The Jakarta Post
Unless you’re Donald Trump, Twitter only gives you the illusion of free speech. On this social media platform, you are free to speak your mind, until you aren’t. Compared to three or four years ago, Twitter is now a heavily policed environment, where hate speech, false claims and conspiracy theories could be struck down even without users filing a complaint about such violations. In past years, Twitter has unveiled a myriad of policies, ranging from a hateful conduct policy, rules against gambling to a regulation against what the company calls “dehumanizing speech". The last rule was used last year to justify a purge against conspiracy theory website Infowars run by far-right talk show host Alex Jones.
These new sets of rules have turned the social media platform into a relatively benign environment and the only thing that could prevent users from making a fool of themselves on Twitter is their own sense of self-importance, a quality that any CEO has in abundance. CEOs think that if they are successful in running companies and bringing in billions in revenue, they know how the world works and their skills could be used to run the public sector (Starbucks CEO Howard Schultz is the last in the long line of billionaires running for president). CEOs’ hubris makes them think that they know something we don’t and these days they could use Twitter to impart the knowledge and wisdom to the world.
Most CEOs don’t stand on the soapbox talking to the world, but when they do, they fail spectacularly and at times they have to pay dearly for it. Tech visionary, self-made billionaire and a prolific Twitter user Elon Musk is a cautionary tale about CEOs having too much to say and paying a terrible price for the habit. Last year, the US Securities and Exchange Commission slapped a US$20 million fine against Musk for making a statement on Twitter that he would take car making company Tesla private, among other outrageous statements. Following the Twitter statement, the share price of Tesla experienced a 30 percent freefall from $379.57 on Aug. 7, last year to $264.77 on Sept. 28.
Musk appeared to forget that with great power, comes great responsibility, that his words move markets. And considering that their company’s well-being could also be at stake, CEOs should choose their words carefully.
Elon Musk asked a judge to throw out a defamation lawsuit by a British caver whom the Tesla Inc. founder called a pedophile on Twitter. (Bloomberg/File)
CEO and founder of Bukalapak Achmad Zaky appeared to have failed to learn this lesson and he and his $1 billion e-commerce platform had to pay the price over the weekend.
A prolific Twitter user, more often than not Zaky has been less than wise with his choice of words. Last month, when The Economist erroneously stated that Bukalapak was a Singapore-based firm, he took to Twitter to lash out at the publication by calling it stupid. The majority of his tweets are innocuous, but it shows that he is an impulsive type who needs to respond to online trends. Then he dropped the bombshell on Thursday night. In what appeared to be a spur-of-the-moment tweet, he called the government’s Industry 4.0 aspiration “nonsense” as Indonesia was behind other countries in terms of funding. But what riled people up, especially supporters of President Joko “Jokowi” Widodo, was how he capped off his 280 characters. “I wish the new president could improve this.”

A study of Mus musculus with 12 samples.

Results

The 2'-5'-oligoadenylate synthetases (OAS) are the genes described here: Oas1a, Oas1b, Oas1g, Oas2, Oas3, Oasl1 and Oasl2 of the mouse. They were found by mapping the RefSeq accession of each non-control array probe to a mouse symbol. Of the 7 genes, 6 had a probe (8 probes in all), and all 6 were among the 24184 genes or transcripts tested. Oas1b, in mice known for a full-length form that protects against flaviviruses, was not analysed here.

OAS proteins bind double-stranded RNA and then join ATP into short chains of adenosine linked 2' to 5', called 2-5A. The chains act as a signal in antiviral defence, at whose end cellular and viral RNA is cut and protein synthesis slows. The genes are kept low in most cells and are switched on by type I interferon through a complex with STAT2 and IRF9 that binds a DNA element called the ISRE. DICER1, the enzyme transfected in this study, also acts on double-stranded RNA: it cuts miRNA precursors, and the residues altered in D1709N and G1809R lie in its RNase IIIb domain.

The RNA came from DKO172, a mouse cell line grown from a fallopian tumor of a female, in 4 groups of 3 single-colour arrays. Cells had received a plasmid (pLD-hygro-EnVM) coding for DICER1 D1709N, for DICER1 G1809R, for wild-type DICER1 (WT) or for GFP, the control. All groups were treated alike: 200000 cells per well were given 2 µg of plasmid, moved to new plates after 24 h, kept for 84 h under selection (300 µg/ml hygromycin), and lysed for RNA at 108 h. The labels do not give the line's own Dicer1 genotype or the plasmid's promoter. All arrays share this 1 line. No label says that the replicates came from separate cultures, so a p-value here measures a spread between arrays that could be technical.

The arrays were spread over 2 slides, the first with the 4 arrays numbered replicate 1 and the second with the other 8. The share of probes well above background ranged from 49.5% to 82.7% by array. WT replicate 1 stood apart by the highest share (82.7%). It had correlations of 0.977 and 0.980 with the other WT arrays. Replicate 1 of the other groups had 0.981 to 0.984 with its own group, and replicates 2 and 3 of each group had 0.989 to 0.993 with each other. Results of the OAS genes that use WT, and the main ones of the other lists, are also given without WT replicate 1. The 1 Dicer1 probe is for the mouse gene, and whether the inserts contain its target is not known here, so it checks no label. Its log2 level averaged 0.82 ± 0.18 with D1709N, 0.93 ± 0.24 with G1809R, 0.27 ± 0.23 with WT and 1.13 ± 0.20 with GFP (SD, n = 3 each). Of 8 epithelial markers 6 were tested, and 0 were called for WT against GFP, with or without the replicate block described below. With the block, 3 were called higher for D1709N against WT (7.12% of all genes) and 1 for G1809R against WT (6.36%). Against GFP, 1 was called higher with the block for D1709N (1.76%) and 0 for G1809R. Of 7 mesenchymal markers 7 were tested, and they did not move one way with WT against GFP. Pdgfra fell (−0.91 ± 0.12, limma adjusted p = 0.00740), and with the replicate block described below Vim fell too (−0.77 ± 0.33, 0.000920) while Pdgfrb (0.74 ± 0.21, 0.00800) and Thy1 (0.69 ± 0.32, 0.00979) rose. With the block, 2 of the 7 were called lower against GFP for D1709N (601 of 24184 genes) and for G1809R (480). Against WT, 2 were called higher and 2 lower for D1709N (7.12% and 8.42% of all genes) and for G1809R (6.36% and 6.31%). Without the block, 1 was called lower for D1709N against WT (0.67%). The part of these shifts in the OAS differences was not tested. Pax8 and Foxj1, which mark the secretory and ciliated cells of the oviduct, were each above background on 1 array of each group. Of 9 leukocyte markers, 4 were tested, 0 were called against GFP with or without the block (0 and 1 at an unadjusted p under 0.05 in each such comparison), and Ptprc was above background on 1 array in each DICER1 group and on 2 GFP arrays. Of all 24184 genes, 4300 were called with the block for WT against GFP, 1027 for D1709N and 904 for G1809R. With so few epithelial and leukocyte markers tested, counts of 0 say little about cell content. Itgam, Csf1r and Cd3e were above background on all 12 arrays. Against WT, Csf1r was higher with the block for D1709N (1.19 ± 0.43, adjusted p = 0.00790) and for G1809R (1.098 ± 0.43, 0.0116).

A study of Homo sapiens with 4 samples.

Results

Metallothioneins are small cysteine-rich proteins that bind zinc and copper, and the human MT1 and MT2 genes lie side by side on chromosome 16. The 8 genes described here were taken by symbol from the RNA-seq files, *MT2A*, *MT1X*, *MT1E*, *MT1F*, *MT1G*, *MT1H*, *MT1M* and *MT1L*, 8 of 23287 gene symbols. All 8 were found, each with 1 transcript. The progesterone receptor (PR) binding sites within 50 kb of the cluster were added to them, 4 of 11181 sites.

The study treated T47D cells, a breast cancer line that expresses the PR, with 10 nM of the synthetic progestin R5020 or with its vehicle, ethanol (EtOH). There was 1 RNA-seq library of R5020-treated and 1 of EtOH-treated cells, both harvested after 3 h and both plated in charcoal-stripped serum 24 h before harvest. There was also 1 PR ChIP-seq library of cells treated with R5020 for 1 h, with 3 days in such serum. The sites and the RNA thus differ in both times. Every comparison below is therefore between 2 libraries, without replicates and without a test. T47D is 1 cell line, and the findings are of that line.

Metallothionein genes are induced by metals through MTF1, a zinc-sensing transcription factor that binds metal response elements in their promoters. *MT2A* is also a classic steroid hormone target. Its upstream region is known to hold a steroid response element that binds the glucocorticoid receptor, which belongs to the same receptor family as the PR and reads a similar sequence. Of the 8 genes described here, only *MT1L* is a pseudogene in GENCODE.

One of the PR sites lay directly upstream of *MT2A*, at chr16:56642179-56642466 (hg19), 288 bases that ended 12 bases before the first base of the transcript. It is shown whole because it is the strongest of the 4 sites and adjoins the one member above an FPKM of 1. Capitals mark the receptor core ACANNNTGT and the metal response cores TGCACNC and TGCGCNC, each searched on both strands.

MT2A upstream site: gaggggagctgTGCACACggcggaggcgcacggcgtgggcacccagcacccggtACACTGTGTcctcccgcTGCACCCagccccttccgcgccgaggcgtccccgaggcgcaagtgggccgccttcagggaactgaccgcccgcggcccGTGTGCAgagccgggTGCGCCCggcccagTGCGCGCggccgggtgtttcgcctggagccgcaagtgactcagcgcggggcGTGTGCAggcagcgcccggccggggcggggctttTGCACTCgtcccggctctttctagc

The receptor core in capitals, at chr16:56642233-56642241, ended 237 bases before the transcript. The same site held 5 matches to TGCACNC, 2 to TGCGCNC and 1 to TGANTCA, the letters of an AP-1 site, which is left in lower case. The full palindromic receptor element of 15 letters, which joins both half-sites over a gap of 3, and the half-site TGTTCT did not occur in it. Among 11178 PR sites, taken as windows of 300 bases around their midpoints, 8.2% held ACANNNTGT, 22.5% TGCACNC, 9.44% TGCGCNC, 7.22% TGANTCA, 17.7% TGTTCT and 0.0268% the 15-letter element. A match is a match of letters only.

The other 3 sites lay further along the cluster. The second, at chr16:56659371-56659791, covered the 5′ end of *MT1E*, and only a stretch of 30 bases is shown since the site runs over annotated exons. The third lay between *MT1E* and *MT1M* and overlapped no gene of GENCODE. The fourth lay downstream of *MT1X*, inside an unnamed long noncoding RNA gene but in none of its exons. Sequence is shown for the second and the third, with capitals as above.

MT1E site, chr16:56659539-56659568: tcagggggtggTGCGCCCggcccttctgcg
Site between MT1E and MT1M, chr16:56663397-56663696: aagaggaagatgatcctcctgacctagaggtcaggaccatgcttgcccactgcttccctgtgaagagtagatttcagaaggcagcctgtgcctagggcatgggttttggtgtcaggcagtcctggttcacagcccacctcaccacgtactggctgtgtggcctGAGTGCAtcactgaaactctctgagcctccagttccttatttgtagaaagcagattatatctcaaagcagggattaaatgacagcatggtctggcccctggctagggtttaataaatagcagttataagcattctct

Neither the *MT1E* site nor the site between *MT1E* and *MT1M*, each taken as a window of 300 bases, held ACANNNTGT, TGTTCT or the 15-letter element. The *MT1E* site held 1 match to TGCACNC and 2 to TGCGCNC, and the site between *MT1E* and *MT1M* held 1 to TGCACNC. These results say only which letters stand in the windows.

I dont know why The Economist can be so stupid https://t.co/nrMgp6CpX5— Achmad Zaky (@achmadzaky) January 14, 2019
The backlash was swift. By Friday morning, the hashtag #UninstallBukalapak was trending on Twitter, mostly driven by Jokowi supporters who were angry that Zaky and his company appeared to have wished the incumbent’s rival, Prabowo Subianto, wins the 2019 presidential election.
Zaky quickly backtracked, deleting his original tweet and issued an apology. It was too late. Before long, not only was the #UninstallBukalapaktrending but his brand was soon turned into derisive memes and parodies. One that was heavily circulating online was an anagram of the name Bukalapak, Lupabapak, which in Indonesian means forgetting your father. Zaky once considered Jokowi to be his father as they both hailed from Surakarta, Central Java.
The damage was so enormous that Jokowi himself stepped in to do damage control for Zaky. During a meeting on Saturday, Jokowi himself made the call for users to not delete the Bukalapak app from their smartphones. A bigger disaster has been averted and Bukalapak is retreating to count the losses from this public relations disaster. Bukalapak’s investors could now draw a sigh of relief and could only hope that a new policy could be put in place to reign in the company CEO’s Twitter habit. Or they wish that Zaky could keep his most brilliant Twitter-worthy ideas to himself and keep the company stable.
If only CEOs, billionaires and certain president could get off Twitter.